7 Steps to Finding the Right Subtenant

By Lorena Roberts on July 18, 2017

Something great just happened in your life and you need to (quickly) move to a new city. The problem is you’ve already signed a lease in your current city. There’s no way you have the money to pay rent on both places, so you have to find someone to take over your lease. Pronto.

Here are seven steps to make sure you find not only a subtenant, but the right one. 


There are so many rules when it comes to trying to sublease an apartment. The last thing you need is to screw something up and get in trouble (which usually means a fine … which is money none of us has).

Make a list of all the things you need to ensure you take care of before you hand over your keys. The management will also appreciate that you came to them on the front end instead of the other way around.

2. Utilize social media

Being a college student definitely has its benefits, one of which is having a network of people at your fingertips all the time. If you’re looking for someone to take your lease over, start with social media. Advertise smart. Include photos of the place you’re wanting to fill, as many details as possible, and headline it with something catchy. “Take over my lease, PLEASE” is what literally everyone puts, and you’re looking to stand out.

Use your friends’ friends and ask them to share your post. You’ll reach more people this way! Not only that, but more than likely you’ll get connected with someone you have mutual friends with — and that’s the best kind of person to put in your apartment.

3. Go over all the specifics

Once you’ve found someone who’s interested, there are so many details to go over. You want to make sure this is a good fit for both of you. Make sure you go over everything from monthly rent, to the utilities, to the pet policy.

4. Ask the right questions

It’s important that you find someone you can trust to put in your apartment. After all, you’re still going to be liable for anything they do or don’t do while they’re living there. Some of the best advice I can give you is to ask the following questions before anyone signs on the dotted line:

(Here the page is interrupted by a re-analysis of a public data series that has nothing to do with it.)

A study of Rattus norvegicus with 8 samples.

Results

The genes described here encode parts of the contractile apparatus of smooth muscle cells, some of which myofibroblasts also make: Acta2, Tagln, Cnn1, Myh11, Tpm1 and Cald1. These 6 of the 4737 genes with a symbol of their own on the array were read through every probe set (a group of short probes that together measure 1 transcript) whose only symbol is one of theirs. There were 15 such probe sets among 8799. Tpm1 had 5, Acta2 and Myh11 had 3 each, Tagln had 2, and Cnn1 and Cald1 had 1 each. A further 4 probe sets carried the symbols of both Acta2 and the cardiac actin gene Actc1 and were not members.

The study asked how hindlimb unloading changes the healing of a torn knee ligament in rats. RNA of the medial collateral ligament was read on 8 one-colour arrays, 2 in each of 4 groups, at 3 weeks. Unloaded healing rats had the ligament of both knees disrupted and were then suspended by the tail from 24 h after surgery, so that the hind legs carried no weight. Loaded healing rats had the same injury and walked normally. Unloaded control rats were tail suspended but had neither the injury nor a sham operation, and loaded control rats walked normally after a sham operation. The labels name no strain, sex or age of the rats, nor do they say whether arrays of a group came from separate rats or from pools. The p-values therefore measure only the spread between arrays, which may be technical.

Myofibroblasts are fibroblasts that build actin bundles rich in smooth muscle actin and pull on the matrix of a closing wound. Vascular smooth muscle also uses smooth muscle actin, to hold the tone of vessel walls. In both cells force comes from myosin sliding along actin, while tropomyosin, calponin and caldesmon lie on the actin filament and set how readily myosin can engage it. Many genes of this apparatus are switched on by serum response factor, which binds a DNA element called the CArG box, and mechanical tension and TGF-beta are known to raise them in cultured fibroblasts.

- Do you have any pets?

- Will anyone be living here with you?

- When can you move in/when can you move out?

- Do you have reliable income? (Parents, job(s), etc.)

- Have you ever subleased before?

- Can you agree to staying here for ‘x’ amount of months?

5. Go over all the legalities with your apartment complex

Some apartment complexes are pretty picky about what they look for in subleasing. Once you’ve found someone to take over, meet with the manager of your complex and your new subtenant. There are things you’ll both have to sign and agree to. It’s best to get it all out of the way when you’re sitting down together rather than play phone tag and do paperwork on your own.

6. Stay in contact

You don’t have to be best buds, and you definitely don’t want to be their mom … but my advice is to keep the door to communication open while they’re in your place. If something goes wrong, you’ll want to know about it.

7. Over anything else, go with your gut

If you don’t feel like it’s a good fit, it’s probably not. Don’t be afraid to say no. I know you’re feeling like you have to fill this spot by the end of the month, but in the long run, it’ll be worth it to take your time in finding someone you really trust.

Some of the biggest mistakes you can make: 

Rushing through the process of finding someone who’s going to be responsible and trustworthy is a surefire way to ensure you’ll end up with an idiot signing for your lease. Doing this could possibly result in a completely damaged apartment with your name filled in as “responsible for.” Do not rush through this process.

Not asking the right questions could result in moving someone in who just isn’t a good fit. You want to make sure you cover all your bases. Take your time in getting to know them a bit before you just hand your keys over.

Avoiding the complex management is usually just an all-around bad idea. They can slap you with charges you didn’t even know could be charged. I’d be very careful when it comes to dealing with management. They’re trying to profit off of you — but you need their trust. If something does go wrong, those are the people you want on your side. Make them your best friends.

Student at The University of Tennessee, Knoxville (Go Vols!), part-time preschool teacher, part-time musician, part-time trying to get my life together. I'm studying psychology, while aspiring to become the greatest School Psychologist and Education Reformist in the Nation. You can usually find me sitting in a coffee shop, holding my favorite warm drink, and scrolling feeds of various websites.